Ruth Beadle’s partner of ten years has just left her. All that remains is the weekly shopping list she wrote before he broke the news. The novel goes through that list, each item forming a chapter title, as Ruth navigates her post-breakup life. During one of the earliest list items – apples – we start to get a sense for what the relationship was like:
There are many ways to cut up an apple. Throughout our relationship, I’d engineered myself to occupy as little space as possible so that he could be as large as he liked. He was always prodding the world as if it were a piece of fruit, seeking out that soft, yielding spot.
Most of the book is written in this vein, but parts are interspersed with chapters from Neil the ex (an abhorrent narcissist) and Alanna (her oldest acquaintance who can, at best, be described as a frenemy). All of them pivot around the before and after of the central breakup.
While the relationship’s breakdown is at the core of the novel, it’s not Ruth’s only source of melancholy. She also appears to have an eating disorder and an unaffectionate relationship with her mother. She’s considered strange by colleagues and is frequently rendered invisible by her own behaviours and the people around her. All in, at 30 years of age, she’s fresh out of luck. As the author introduces snippets from her childhood and school days, it becomes clear she had little to start with.
In case it wasn’t already apparent, Shelf Life is not a happy book. That’s a warning for anyone embarking on the novel but it’s not meant as a deterrent. In the character of Ruth, Franchini harnesses the bleak contradictions of interior and exterior millennial womanhood; it’s as scathing as it is sad. At points, Ruth behaves too oddly to seem real but at others, her actions ring painfully true. Though it’s not a cheerful or in any way conventional read, through a delicate balance of sharp and tender character portraits, it somehow works.
These portraits of the central character and those surrounding her build a narrative about isolation which is at once unpleasant and strangely gripping. Ruth doesn’t have friends and seems incapable of understanding or enjoying the company of others. Neil is constantly looking for something better, newer, more exciting. His chapters expose the creepy but desperate internal monologue of the brooding ‘nice guy’. Add to that the abandonment of elderly people in the care home where Ruth works and many iterations of loneliness emerge on the page.
At times, Franchini uses technology to present some of this loneliness. Chapters of MSN messenger chats hark back to early 2000s adolescence, while text exchanges show the stilted development of digital intimacy. Without being an overt part of the plot, these features of the novel hint at an idea about how the affordances of the technology we use influence the way we communicate with and perceive one another. They raise questions about whether technology facilitates affection or exacerbates isolation in an already disparate world.
On a baser level, the digital exchanges provide comic relief. The elaborate thread of letters and symbols in MSN names and the awkward back and forth of dating site chats show something starkly funny about online intimacy. Finding the humour in the tragic is the main source of laughs throughout the book. In some cases, it works well as an extension of the story’s overarching scepticism but, occasionally, there’s an uncomfortable sense that anyone’s a target. A regular source of this humour comes from two colleagues who are helping Ruth to ‘plan Alanna’s hen-do’:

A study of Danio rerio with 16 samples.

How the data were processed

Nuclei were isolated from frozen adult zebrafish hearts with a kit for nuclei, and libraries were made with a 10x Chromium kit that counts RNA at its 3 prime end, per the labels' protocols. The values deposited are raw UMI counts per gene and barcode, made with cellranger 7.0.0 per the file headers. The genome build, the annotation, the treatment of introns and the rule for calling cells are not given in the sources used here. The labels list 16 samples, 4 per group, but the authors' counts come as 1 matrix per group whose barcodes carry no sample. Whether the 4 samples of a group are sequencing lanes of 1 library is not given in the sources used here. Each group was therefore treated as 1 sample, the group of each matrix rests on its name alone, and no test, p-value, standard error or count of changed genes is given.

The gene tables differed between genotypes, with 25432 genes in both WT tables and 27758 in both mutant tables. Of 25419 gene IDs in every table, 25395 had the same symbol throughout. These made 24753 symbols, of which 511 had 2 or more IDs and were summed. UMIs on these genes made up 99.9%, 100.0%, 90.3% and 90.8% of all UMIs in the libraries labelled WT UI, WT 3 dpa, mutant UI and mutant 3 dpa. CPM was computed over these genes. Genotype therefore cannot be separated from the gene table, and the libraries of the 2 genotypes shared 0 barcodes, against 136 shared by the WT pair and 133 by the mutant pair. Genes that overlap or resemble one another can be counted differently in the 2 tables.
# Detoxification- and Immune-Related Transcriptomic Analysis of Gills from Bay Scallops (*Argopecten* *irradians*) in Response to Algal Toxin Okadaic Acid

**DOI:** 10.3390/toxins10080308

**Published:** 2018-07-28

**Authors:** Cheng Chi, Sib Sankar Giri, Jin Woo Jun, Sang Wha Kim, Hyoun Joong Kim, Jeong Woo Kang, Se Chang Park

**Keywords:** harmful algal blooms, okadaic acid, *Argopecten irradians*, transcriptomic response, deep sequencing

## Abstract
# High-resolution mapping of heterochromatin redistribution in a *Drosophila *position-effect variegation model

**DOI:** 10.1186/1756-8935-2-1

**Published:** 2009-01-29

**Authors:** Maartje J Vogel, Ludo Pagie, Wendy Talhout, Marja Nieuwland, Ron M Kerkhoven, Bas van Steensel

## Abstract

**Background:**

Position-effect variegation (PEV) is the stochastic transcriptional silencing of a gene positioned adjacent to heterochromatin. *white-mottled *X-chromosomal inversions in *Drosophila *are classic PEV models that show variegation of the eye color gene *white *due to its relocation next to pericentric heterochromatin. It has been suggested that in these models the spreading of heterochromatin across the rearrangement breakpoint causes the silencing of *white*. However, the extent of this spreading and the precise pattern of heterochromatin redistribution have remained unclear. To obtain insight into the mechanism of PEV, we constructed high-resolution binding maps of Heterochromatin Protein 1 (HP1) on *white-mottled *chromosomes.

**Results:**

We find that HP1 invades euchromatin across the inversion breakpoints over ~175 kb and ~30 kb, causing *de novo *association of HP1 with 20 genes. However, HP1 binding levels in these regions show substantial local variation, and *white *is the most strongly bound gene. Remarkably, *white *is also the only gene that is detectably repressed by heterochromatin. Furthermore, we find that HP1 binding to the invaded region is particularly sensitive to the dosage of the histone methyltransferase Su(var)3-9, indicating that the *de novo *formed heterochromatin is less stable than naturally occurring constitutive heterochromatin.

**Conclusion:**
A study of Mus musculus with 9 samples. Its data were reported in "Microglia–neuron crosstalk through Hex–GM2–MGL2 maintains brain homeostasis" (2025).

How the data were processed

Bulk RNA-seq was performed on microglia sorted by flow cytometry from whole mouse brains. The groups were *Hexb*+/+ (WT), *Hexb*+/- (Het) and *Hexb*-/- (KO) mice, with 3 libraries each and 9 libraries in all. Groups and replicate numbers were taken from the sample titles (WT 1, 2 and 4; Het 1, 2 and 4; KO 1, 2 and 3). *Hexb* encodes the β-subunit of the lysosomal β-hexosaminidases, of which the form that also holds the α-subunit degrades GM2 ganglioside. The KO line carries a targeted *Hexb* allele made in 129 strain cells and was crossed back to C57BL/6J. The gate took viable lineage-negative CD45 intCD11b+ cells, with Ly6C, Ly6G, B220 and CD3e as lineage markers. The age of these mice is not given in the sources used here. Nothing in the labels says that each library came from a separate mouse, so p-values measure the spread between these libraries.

They tell me about make-up sessions. Then a trip to Ibiza that seems too costly. It has been tacitly established that I am in charge of the budget – an appropriate task that appropriately corners me in the role of the spoilsport. They suggest an Alice in Wonderland Mad Hatter’s Tea Party, a sleazy-sounding spa retreat and an Ann Summers get-together that seems too risqué for the range of ages and people involved.
This caustic account of 21st century pre-wedding ritual is one example of Franchini’s coded social commentary. Ruth’s eating habits are the source of another. Although the novel is structured using a grocery list, she consumes very little. The roots and possible resolution of her eating disorder are left unexplored however. I initially find this frustrating. I want to get to the core of her habits and see them fixed. But the more I read, the more I interpret her behaviours as a representation of the broader disordered relationship that exists societally between women and food.
It goes without saying that eating disorders aren’t ubiquitous or exclusive to one gender but, for me personally, Ruth’s relationship with food is a magnified example of something I’ve seen across a lot of the women I know and love. We are conditioned to obsess about what we eat and what we don’t eat, walking the tightrope of restraint, wellness and performative gluttony every day. Ruth’s behaviours are severe and unique but in part, they reflect a universality which resonates with me. They contribute to a broader gendered commentary at work throughout the novel.
Though unsettling at times, the unrelenting rawness of Shelf Life forms its brilliance. Franchini shows how, in the contradictory isolation of the city, many remain lonely as their lives graze and bump with others each day. The novel is a bold and uncompromising addition to experimental women’s writing, exposing truths at every turn. It’s not comfortable but really, that’s fine – it’s not trying to be.
Shelf Life is published by Transworld Publishing and is out now in the UK.
The first image is a headshot of Livia Franchini in black and white. The second image is the book cover which is a peach background with a blue egg box holding a single egg. The title of the book and the author’s name are on the cover. Both used with permission, courtesy of Transworld Publishers, Penguin Random House UK.